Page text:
Christmas week is finally upon us and yet it’s an understatement to say that it won’t be a Christmas like any other. With harsher restrictions being brought forward, a lot of people aren’t able to see family and friends on Christmas which is heartbreaking for so many. It is times like these when films can bring a little joy and escapism even if it is for a couple of hours, which is why I provided this list of films for you to watch during Christmas week. I have always found that film has helped in the darkest of times and Christmas films in particular are full of innocent joy and good nature that it’s hard to resist when everything seems so negative. I thought it would be a good idea to give some of my personal recommendations if you are looking for a Christmas film to get you into the spirit.
There are the classic Christmas films that are rewatched year after year with none beating the impact that comes from Frank Capra’ It’s a Wonderful Life (1946). The most iconic Christmas film there is, It’s a Wonderful Life is a masterpiece that rings even truer to home this year as George Bailey (James Stewart) looks back at how he has positively affected the lives of those in his small town. Other Christmas classics include The Snowman (1982) and The Muppet Christmas Carol (1992), both of which are commonly rewatched by audiences of all ages. Sometimes watching a familiar film that bring back memories of happier times when you could watch them with family.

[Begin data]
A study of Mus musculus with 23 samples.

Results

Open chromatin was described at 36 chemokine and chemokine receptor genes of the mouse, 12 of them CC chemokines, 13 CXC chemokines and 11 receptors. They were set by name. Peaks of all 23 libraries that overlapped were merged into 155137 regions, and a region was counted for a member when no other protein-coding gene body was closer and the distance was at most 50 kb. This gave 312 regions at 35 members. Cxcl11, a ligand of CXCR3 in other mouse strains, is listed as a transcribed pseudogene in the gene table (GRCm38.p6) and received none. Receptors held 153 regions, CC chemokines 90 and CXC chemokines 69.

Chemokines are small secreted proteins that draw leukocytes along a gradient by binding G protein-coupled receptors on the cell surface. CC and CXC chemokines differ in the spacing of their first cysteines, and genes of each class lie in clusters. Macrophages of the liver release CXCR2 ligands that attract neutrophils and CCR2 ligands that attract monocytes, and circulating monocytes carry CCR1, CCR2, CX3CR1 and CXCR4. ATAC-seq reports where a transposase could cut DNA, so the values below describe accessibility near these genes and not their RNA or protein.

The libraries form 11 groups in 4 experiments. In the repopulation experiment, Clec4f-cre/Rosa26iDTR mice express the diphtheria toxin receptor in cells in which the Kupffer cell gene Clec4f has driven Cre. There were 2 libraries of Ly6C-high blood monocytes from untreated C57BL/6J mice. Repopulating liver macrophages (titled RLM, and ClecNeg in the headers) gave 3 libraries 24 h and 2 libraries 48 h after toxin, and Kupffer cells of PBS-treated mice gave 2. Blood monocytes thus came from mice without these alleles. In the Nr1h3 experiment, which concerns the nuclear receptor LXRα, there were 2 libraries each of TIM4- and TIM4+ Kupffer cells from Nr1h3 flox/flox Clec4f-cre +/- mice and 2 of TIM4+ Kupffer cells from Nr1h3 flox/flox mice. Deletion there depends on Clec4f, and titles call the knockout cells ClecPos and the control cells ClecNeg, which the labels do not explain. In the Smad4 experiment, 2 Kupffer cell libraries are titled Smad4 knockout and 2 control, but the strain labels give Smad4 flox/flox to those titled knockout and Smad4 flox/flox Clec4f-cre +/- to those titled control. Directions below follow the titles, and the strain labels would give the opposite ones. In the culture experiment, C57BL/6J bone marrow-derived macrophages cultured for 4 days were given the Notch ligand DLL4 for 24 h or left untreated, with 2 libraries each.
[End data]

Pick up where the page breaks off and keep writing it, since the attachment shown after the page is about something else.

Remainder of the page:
There are also plenty of modern Christmas classics with my personal favourite being Todd Haynes’ flawless Carol (2015). Starring Cate Blanchett and Rooney Mara as two star-crossed lovers, Carol is a love story for the ages. Another modern Christmas hit would have to be Nancy Meyers’ The Holiday (2006). These films are complete opposites in every way and have managed to develop strong fanbases who feel passionate about their place at the Christmas classic table.
Lastly, there are the more unconventional Christmas films which consists of films that are set at Christmastime but are unconcerned with that connection such as Eyes Wide Shut (1999) and Die Hard (1988) as well as films that don’t have any Christmassy context and yet remain popular year after year such as The Wizard of Oz (1939). I have previously written on unconventional Christmas films and what makes them so popular and appealing for those who may roll their eyes at the more traditional offerings (you can read that here).
There are Christmas films for every taste whether you like a comedy classic or a thrilling adventure. Many filmmakers have turned to Christmas because they know the lasting power that a Christmas film can have through the ages.
So whatever you choose, get yourself some mince pies, a glass of mulled wine and put your feet up with a good film. But most importantly be safe, have a Merry Christmas and here’s hoping 2021 will be a much better year for us all!
Let me know what you’re planning to watch this Christmas week in the comments below!